Return with us (with the help of the Washington Post) to those thrilling days of May 2003:
Iraq’s supposed stashes of more conventional WMDs hadn’t turned up. Joseph Wilson and others had long since made it clear that Iraq had not been buying yellowcake (an atomic weapon precursor) from Niger. It was increasingly obvious to everyone but Tony Blair that the supposed WMDs simply weren’t there.
On May 29, 2003, 50 days after the fall of Baghdad, President Bush proclaimed a fresh victory for his administration in Iraq: Two small trailers captured by U.S. and Kurdish troops had turned out to be long-sought mobile “biological laboratories.” He declared, “We have found the weapons of mass destruction.”
The U.S. military certainly didn’t believe Iraq had WMDs. How do we know that? Because they massed their troops and supplies on the Iraq border, and left them there for months in known locations. Donald Rumsfeld may be a complete incompetent, but the military leaders responsible for those arrangements weren’t insanely stupid—which is what it would have taken for them to mass troops and supplies in a fixed location if they thought there were any chance that the other side had WMDs.
Since the conventional WMD claim wasn’t working out, the Bush Administration’s next best dodge was to claim that Iraq had instead been making biological weapons. They’re the poor man’s WMDs: smaller, cheaper and simpler to produce, and the equipment used to make them isn’t all that different from that used in a wide variety of other applications. This meant Bush & Co. could, for a while at least, point at captured equipment and claim it was being used to make bio weapons.
Odds that Bush didn’t know about that: approximately zero.
The claim, repeated by top administration officials for months afterward, was hailed at the time as a vindication of the decision to go to war. But even as Bush spoke, U.S. intelligence officials possessed powerful evidence that it was not true.
A secret fact-finding mission to Iraq—not made public until now—had already concluded that the trailers had nothing to do with biological weapons. Leaders of the Pentagon-sponsored mission transmitted their unanimous findings to Washington in a field report on May 27, 2003, two days before the president’s statement.
The only reasons I can see why Bush hasn’t been brought up on impeachment charges are that (1.) the Republicans have a majority in both houses; and (2.) many of those Republicans love their positions and their power far more than they love their country.
The three-page field report and a 122-page final report three weeks later were stamped “secret” and shelved. Meanwhile, for nearly a year, administration and intelligence officials continued to publicly assert that the trailers were weapons factories.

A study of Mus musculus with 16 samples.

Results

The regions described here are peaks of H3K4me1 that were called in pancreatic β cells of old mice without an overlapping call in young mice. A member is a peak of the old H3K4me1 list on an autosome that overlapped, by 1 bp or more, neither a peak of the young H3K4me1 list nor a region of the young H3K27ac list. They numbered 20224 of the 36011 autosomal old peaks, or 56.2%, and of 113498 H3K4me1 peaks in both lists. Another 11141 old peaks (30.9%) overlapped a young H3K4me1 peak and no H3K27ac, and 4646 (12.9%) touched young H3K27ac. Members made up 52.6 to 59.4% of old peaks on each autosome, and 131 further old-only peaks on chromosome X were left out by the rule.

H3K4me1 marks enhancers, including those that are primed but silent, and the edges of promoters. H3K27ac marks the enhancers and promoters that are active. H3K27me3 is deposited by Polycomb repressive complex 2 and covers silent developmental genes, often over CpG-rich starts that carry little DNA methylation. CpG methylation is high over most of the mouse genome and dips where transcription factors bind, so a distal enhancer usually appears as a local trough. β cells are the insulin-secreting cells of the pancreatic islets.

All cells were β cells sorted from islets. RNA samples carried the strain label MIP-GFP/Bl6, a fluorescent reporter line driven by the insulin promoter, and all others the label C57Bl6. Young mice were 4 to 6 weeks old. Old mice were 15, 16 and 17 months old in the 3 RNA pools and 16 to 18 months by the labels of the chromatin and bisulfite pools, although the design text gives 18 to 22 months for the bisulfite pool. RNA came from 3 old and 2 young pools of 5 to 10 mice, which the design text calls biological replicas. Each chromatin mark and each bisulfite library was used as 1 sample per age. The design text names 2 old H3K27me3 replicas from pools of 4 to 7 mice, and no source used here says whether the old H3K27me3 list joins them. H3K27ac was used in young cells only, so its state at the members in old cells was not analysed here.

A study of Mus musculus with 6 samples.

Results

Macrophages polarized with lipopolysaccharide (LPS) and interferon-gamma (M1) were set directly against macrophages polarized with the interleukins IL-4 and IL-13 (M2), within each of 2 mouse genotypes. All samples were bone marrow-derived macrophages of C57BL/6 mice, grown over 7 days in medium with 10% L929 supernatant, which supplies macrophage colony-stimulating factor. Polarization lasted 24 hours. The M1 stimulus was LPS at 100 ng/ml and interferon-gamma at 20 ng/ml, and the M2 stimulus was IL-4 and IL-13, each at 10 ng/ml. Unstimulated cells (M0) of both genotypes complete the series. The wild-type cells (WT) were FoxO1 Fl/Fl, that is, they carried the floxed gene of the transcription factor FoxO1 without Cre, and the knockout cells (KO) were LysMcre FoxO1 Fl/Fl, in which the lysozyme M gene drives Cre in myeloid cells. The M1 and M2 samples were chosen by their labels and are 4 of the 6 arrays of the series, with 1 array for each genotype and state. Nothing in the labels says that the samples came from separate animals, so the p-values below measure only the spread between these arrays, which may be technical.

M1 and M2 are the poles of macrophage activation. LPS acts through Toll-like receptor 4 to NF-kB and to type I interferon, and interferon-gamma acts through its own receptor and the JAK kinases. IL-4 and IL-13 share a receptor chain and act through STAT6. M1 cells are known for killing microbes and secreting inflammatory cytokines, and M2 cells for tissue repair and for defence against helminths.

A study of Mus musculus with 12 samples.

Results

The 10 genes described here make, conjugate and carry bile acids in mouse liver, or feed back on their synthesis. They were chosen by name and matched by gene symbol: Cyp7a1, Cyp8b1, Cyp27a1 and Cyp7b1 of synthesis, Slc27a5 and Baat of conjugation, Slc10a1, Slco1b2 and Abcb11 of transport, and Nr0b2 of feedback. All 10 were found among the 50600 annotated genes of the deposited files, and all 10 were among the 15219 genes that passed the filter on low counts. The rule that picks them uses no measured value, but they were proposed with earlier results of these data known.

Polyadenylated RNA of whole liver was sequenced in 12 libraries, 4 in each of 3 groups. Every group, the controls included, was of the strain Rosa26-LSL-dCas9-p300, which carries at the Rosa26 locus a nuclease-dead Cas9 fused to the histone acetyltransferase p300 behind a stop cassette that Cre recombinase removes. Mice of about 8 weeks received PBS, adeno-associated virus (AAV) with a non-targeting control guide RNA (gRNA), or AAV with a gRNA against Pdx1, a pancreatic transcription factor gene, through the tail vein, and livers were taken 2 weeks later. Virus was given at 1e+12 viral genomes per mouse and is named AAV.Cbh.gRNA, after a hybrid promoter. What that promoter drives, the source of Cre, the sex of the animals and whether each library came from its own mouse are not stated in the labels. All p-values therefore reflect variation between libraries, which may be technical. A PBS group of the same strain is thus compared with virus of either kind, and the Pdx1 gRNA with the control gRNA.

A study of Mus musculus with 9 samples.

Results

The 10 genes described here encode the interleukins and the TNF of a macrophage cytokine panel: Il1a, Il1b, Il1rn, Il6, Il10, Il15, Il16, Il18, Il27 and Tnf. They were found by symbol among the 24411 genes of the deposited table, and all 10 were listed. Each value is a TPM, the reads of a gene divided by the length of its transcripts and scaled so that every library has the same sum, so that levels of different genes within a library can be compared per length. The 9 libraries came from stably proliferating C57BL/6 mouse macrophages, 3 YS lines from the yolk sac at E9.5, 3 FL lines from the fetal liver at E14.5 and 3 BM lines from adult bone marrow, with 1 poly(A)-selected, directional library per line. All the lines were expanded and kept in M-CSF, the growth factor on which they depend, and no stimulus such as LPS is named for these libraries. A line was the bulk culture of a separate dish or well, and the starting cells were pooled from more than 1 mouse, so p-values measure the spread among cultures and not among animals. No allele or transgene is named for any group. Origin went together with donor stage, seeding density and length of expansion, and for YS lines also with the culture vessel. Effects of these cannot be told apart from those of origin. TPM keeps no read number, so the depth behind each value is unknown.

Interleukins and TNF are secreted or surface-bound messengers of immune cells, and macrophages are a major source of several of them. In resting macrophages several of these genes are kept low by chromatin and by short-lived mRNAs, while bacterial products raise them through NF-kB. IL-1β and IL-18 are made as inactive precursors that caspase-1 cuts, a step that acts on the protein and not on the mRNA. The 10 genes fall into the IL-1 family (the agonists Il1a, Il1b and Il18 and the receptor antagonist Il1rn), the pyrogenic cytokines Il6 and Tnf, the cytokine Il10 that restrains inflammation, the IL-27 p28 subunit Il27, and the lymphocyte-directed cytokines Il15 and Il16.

The biolab claim is only one in a series of claims about terrorists and Weapons of Mass Destruction, many of which later proved false, that were used as justification for the U.S. war on Iraq. They were also used to justify the Bush administration’s demand that within the United States they be allowed to exercise extraordinary and unprecedented power without commensurate accountability.
Someone has to declare a dividing line. I’m doing it. After this, there are three reasons to publicly support Bush, or to insist there must be an excuse for his actions:
1. You’re stupid.Pick one.
2. You know there’s no excuse, but you’re too dishonest and unpatriotic to say so.
3. You’re bound by solemn oath to make a public show of supporting him (i.e., you’re in the military, and your job requires it).
Addendum, from the comment thread:
Michael Weholt ::: (view all by) ::: April 13, 2006, 06:22 AM:
…there are three reasons to publicly support Bush, or to insist there must be an excuse for his actions…
Actually, I think there is essentially only one reason and that reason is: you think it is the duty of America to dominate the world. Pax Americana, and all that. You are a Realist with the heretofore unglimpsed courage to do whatever needs to be done. We owe it to (America’s) children. The lies and deceptions and so forth are only flathead screwdrivers in the Toolbox of Democracy. None of this would be necessary if America hadn’t been such a pussy in the past. You do what you have to do and trust that the world will eventually thank you for it. And even if it doesn’t, screw ‘em: the American Colossus will nevertheless bestride the world. We had to destroy freedom and prosperity in order to save them, but never you mind: we were man enough to do it when it needed to be done, and when the courage of others failed us.
We’d feel bad about it, I guess, except we don’t.
It’s all necessary, see. That’s what all you whiners don’t seem to understand.